Hereditary multiple exostoses (HME), also called hereditary multiple osteochondromas, is a rare genetic disorder characterized by multiple osteochondromas that grow near the growth plates of bones such as the ribs, pelvis, vertebrae and especially long bones. The disease presents with various clinical manifestations including chronic pain syndromes, restricted range of motion, limb deformity, short stature, scoliosis and neurovascular alteration. Malignant transformation of exostosis is rarely seen. The disease has no medical treatment and surgery is only recommended in symptomatic exostoses or in cases where a malignant transformation is suspected. HME is mainly caused by mutations and functional loss of the EXT1 and EXT2 genes which encode glycosyltransferases, an enzyme family involved in heparan sulfate (HS) synthesis. However, the peculiar molecular mechanism that leads to the structural changes of the cartilage and to osteochondroma formation is still being studied. Basic science studies have recently shown new insights about altering the molecular and cellular mechanism caused by HS deficiency. Pediatricians, geneticists and orthopedic surgeons play an important role in the study and treatment of this severe pathology. Despite the recent significant advances, we still need novel insights to better specify the role of HS in signal transduction. The purpose of this review was to analyze the most relevant aspects of HME from the literature review, give readers an important tool to understand its clinical features and metabolic-pathogenetic mechanism, and to identify an effective treatment method. We focused on the aspects of the disease related to clinical management and surgical treatment in order to give up-to-date information that could be useful for following best clinical practice. © 2019 D’Arienzo et al.

Hereditary multiple exostoses: current insights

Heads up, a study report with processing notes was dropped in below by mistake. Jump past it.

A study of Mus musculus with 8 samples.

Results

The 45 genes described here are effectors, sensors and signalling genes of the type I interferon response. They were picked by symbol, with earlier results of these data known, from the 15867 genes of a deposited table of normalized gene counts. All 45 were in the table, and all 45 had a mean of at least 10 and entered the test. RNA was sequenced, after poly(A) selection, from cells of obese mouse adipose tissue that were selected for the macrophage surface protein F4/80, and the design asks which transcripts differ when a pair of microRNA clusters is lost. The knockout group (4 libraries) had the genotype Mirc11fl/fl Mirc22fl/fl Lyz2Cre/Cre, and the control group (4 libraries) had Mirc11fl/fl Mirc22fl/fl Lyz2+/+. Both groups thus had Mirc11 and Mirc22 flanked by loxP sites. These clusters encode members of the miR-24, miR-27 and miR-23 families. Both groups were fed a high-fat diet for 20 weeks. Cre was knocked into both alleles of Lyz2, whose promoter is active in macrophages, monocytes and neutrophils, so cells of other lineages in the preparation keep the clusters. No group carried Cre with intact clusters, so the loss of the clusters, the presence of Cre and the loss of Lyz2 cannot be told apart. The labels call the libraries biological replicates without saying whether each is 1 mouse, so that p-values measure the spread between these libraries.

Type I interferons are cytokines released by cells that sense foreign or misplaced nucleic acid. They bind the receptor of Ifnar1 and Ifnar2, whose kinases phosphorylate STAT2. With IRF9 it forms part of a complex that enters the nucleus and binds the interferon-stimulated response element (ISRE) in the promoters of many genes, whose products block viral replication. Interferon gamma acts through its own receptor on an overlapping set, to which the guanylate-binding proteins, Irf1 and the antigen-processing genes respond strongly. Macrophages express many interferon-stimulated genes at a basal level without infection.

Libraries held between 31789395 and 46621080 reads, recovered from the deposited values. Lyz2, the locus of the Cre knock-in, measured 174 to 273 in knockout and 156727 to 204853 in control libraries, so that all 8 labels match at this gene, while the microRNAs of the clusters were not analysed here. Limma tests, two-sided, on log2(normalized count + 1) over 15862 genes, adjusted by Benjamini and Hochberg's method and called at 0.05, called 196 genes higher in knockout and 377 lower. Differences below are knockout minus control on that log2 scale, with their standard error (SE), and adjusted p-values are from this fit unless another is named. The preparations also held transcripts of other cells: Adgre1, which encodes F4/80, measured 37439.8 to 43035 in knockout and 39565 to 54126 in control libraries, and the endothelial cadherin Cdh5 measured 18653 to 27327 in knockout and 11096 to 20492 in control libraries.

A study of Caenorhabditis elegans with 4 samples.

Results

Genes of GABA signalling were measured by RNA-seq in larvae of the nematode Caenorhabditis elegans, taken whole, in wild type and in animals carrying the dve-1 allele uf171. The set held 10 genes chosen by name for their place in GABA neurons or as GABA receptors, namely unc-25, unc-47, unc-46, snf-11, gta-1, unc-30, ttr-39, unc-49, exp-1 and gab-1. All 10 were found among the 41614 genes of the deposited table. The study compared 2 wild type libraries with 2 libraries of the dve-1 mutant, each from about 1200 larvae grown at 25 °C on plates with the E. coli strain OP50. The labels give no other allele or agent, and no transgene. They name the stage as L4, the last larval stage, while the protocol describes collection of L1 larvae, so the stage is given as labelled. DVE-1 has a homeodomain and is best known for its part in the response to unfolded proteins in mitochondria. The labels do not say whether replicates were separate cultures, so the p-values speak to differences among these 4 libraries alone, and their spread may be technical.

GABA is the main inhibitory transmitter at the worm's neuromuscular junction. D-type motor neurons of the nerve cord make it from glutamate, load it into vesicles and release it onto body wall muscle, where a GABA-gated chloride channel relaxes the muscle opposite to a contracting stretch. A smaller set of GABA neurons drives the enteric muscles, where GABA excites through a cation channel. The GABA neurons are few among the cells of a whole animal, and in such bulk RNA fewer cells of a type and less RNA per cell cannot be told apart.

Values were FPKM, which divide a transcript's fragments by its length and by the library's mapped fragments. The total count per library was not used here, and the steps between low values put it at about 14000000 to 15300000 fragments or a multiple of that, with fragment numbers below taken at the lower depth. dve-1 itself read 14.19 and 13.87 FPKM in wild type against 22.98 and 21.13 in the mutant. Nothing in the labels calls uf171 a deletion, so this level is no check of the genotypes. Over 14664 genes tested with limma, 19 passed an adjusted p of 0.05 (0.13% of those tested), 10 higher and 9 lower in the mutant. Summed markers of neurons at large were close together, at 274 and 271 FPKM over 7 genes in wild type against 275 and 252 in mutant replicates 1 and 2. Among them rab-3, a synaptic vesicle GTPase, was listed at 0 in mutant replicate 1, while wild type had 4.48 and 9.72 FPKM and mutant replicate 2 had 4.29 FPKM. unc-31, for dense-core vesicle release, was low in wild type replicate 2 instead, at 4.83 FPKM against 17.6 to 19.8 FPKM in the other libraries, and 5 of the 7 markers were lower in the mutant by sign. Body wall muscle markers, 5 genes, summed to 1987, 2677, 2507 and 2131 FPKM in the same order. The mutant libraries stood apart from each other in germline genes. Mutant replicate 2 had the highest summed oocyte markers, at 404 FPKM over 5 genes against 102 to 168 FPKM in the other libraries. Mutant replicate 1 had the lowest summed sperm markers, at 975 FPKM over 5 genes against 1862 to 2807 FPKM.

Andreani L.;Sacchetti F.;Capanna R.
2019

Abstract

Hereditary multiple exostoses (HME), also called hereditary multiple osteochondromas, is a rare genetic disorder characterized by multiple osteochondromas that grow near the growth plates of bones such as the ribs, pelvis, vertebrae and especially long bones. The disease presents with various clinical manifestations including chronic pain syndromes, restricted range of motion, limb deformity, short stature, scoliosis and neurovascular alteration. Malignant transformation of exostosis is rarely seen. The disease has no medical treatment and surgery is only recommended in symptomatic exostoses or in cases where a malignant transformation is suspected. HME is mainly caused by mutations and functional loss of the EXT1 and EXT2 genes which encode glycosyltransferases, an enzyme family involved in heparan sulfate (HS) synthesis. However, the peculiar molecular mechanism that leads to the structural changes of the cartilage and to osteochondroma formation is still being studied. Basic science studies have recently shown new insights about altering the molecular and cellular mechanism caused by HS deficiency. Pediatricians, geneticists and orthopedic surgeons play an important role in the study and treatment of this severe pathology. Despite the recent significant advances, we still need novel insights to better specify the role of HS in signal transduction. The purpose of this review was to analyze the most relevant aspects of HME from the literature review, give readers an important tool to understand its clinical features and metabolic-pathogenetic mechanism, and to identify an effective treatment method. We focused on the aspects of the disease related to clinical management and surgical treatment in order to give up-to-date information that could be useful for following best clinical practice. © 2019 D’Arienzo et al.
D'Arienzo, A.; Andreani, L.; Sacchetti, F.; Colamgeli, S.; Capanna, R.